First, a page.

How to Find a Technical Cofounder

I have a technical background and get about an offer a month to join some engineering team or be a technical cofounder. Active software engineers probably get two or more offers a month.

If you are a non-technical entrepreneur, it can be very, very difficult to find a technical cofounder. But it is not hopeless. Here are some ways to find a technical partner for your venture.

Work for a company that is known to have great engineers
Be a great product manager, marketer, or whatever your role is, and foster deep connections there. Find like-minded people and fostering genuine friendships. Or, at least, solid & respectful working relationships. Also, do a kick-ass job in your role. If you are known as a sharp individual, others will more likely want to follow you.

I was lucky enough to have worked for Yahoo! (YHOO) in its second act. The dot-com bubble had just popped and amazing talent was all over the market. I was able to hire phenomenal software engineers and grow a strong team culture. Many of us have said we’d love to work with one another again. This means we all have access to a large pool of talent. With all the funded startups that are unable to hire, that’s a huge ace up our sleeves.

This is a relatively slow method, however, depending on how quickly you can connect with someone. But such a connection can be long-lasting and meaningful.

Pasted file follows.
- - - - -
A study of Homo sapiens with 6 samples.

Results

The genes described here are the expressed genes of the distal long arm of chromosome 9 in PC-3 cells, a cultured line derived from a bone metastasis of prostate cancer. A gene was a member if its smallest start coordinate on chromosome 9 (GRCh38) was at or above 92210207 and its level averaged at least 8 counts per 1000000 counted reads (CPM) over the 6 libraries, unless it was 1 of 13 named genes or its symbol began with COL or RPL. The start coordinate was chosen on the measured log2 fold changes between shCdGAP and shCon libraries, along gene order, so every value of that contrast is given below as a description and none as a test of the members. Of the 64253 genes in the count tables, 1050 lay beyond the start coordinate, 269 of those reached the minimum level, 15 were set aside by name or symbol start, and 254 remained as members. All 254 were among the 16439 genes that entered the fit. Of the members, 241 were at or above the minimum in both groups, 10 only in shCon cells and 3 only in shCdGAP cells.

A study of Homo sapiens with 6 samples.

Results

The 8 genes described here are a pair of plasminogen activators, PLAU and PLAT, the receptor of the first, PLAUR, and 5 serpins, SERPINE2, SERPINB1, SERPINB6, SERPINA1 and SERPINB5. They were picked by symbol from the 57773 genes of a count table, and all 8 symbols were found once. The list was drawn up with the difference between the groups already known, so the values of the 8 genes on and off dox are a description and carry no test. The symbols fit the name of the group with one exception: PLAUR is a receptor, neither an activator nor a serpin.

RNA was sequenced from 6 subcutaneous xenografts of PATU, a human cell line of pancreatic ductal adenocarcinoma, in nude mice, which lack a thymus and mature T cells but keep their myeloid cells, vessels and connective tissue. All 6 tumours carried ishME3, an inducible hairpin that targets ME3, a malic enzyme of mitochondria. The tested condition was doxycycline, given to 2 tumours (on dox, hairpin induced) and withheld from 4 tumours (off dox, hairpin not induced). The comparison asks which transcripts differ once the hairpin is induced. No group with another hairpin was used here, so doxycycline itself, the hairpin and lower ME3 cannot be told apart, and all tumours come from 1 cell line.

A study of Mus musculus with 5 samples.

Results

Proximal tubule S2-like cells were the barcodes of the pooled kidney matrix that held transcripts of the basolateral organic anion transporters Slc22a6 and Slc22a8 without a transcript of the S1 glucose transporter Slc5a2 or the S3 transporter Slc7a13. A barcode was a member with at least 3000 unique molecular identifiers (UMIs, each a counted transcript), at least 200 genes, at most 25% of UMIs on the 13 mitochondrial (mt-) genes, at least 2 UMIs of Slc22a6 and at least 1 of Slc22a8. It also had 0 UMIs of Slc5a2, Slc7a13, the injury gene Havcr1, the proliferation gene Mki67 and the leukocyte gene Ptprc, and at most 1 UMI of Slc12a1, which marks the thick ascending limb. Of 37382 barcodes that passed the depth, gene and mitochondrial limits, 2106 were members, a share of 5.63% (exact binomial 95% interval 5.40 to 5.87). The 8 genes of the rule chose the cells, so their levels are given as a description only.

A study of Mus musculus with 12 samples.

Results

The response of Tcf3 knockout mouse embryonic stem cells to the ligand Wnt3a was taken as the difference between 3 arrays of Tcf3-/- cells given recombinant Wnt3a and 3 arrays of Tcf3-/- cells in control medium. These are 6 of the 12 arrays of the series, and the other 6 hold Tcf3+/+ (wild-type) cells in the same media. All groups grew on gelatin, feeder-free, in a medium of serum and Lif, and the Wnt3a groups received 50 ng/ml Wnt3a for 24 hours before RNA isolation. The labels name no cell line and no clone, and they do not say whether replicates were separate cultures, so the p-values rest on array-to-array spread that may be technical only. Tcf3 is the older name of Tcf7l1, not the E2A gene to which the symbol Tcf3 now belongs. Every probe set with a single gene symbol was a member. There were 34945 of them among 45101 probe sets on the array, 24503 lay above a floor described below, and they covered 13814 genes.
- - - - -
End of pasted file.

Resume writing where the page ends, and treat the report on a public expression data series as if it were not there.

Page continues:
Learn to write code yourself
Go to hackathons and developer meetups. Or even contribute to an open source project. The development community is a friendly one (for the most part) and you will often find many people eager to help you out. You can earn the trust of other developers if they see you willing to do this. Also, you will be able to speak their language.

This can be a difficult journey for some. You may have little interest or patience to learn how to program. That lack of motivation can make this method fairly time-consuming. But if you are able to hack it (no pun intended), there are a ton of free resources out there for you. From Codecademy and Try Ruby, to free programming books and free online courses. If those don’t work, pay for a programming course at a local college or workshop. Sometimes having a human being who can answer your questions can help.

Be an inspirational champion for your cause
This works if your passion and business idea serves the community and the world in a greater way. Get yourself involved in various organizations & volunteer groups and be a recognized leader. Build up your personal brand both offline and online. Become someone that others want to follow.

I know of one charismatic individual who has done this via Quora, Twitter, guest blog posts, and various speaking events. He doesn’t have a technical background, but his charisma just radiates.

The common denominator of all these tactics is building meaningful relationships with others through proof of your abilities and talents. I will trust you more if I have worked along side you, seen you try to write a web app yourself, or know you to be an inspirational leader in your field.

What do you think?

Author: Mike Lee

An idealistic realist, humanistic technologist & constant student.